Chang'e 1 returns its first image from the Moon
Posted by Emily Lakdawalla
2007/11/27 12:04 CST
On Monday, with much pomp and circumstance (and rightfully so), Chinese premier Wen Jiabao unveiled the first image returned from the Moon by the Chang'e 1 orbiter, China's first spacecraft to depart Earth orbit. That's something only Russia, the United States, ESA, and Japan have managed to do before.I didn't link to it yesterday because all the versions I could find online were at woefully low resolution, but thanks to a pointer from Wang Chun I now have my hands on a full-resolution version of the image, 120 meters per pixel, 2278 by 3810 pixels in size. Here it is: I feel I should point out that calling this the "first image from Chang'e 1" is slightly misleading. This is no raw data product fresh from the spacecraft; this is a highly processed image comprising 19 separate swaths, each 60 kilometers wide (they must overlap a lot at this high southern latitude). The images have been reprojected, mosaicked, and blended so well that I can't find a trace of seams separating the swaths. It's a beautiful product -- clearly the Chinese wanted to put their best foot forward.
It's very nice-looking, but how does it compare to what we have from other missions? The 120-meter resolution is comparable to the best obtained by Clementine, and also comparable to the global map that will be obtained by Lunar Reconnaissance Orbiter. It's lower-resolution than SMART-1's AMIE, and also lower than most of the cameras on Kaguya. (Which reminds me, I also have some very nice images from Kaguya's terrain camera to post -- later.) Generally speaking, you trade resolution for coverage -- meaning that if your spacecraft takes higher resolution photos, it's less likely to cover the whole planet. The resolution of this camera is a comfortable one for building a global map; Chang'e 1 should do that in stereo, creating an atlas that not only shows the landforms but also shows their topography.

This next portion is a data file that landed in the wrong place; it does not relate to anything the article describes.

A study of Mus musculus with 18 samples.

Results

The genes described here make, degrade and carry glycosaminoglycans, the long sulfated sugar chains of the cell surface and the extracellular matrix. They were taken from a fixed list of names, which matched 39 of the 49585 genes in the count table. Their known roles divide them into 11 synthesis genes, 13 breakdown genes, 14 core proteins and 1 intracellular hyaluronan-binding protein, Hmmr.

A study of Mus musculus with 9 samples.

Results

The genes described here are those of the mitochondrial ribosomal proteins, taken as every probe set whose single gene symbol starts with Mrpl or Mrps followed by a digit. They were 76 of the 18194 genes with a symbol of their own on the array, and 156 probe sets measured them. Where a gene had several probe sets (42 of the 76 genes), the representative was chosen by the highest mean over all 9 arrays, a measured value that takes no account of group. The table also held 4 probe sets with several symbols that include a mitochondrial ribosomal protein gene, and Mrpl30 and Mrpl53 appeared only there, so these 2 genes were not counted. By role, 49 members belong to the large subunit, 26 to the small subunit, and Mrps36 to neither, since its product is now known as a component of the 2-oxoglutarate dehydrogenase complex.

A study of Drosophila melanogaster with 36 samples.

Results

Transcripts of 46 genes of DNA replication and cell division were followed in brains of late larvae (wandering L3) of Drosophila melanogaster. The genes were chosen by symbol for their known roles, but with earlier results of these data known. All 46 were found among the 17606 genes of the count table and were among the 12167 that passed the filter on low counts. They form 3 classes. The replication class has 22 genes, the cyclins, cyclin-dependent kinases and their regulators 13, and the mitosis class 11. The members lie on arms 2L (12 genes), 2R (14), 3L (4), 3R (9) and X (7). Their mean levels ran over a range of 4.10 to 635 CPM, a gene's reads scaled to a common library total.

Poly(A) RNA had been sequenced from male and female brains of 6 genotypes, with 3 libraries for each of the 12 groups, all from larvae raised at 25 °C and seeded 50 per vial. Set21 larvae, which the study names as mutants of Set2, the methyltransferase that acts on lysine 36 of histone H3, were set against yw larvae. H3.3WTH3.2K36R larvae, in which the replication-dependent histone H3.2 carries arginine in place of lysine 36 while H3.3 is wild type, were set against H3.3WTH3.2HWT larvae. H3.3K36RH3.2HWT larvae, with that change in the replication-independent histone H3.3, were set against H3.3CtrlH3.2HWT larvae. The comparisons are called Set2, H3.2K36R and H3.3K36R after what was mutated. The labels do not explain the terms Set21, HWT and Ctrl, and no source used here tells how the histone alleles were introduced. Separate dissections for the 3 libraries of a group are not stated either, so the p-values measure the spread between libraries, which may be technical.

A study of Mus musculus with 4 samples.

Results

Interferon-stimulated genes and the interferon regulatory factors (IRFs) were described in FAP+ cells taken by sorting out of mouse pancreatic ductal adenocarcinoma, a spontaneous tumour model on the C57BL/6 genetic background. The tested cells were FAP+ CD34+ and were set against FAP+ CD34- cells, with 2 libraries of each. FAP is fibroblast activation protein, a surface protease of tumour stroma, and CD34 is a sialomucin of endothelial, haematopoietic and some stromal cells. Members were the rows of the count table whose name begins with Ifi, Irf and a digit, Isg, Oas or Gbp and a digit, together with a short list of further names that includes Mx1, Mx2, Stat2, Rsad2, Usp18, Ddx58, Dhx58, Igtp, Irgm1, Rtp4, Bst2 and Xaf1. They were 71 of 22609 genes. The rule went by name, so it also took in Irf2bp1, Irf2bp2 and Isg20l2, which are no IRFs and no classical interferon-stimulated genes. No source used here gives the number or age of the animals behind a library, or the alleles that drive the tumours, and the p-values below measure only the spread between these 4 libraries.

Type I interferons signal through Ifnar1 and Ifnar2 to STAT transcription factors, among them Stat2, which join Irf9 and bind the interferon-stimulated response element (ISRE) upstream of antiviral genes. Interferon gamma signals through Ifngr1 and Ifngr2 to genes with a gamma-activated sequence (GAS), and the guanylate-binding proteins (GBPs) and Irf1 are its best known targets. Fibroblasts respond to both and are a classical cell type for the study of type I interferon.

You can check out some of the Lunar Orbiter photos of the same general area here and here (that's how I hunted down the names of the craters). And here's the Google Moon view of the same area, which uses the Clementine atlas as a base map. As you can see, the Clementine images are quite comparable to this one.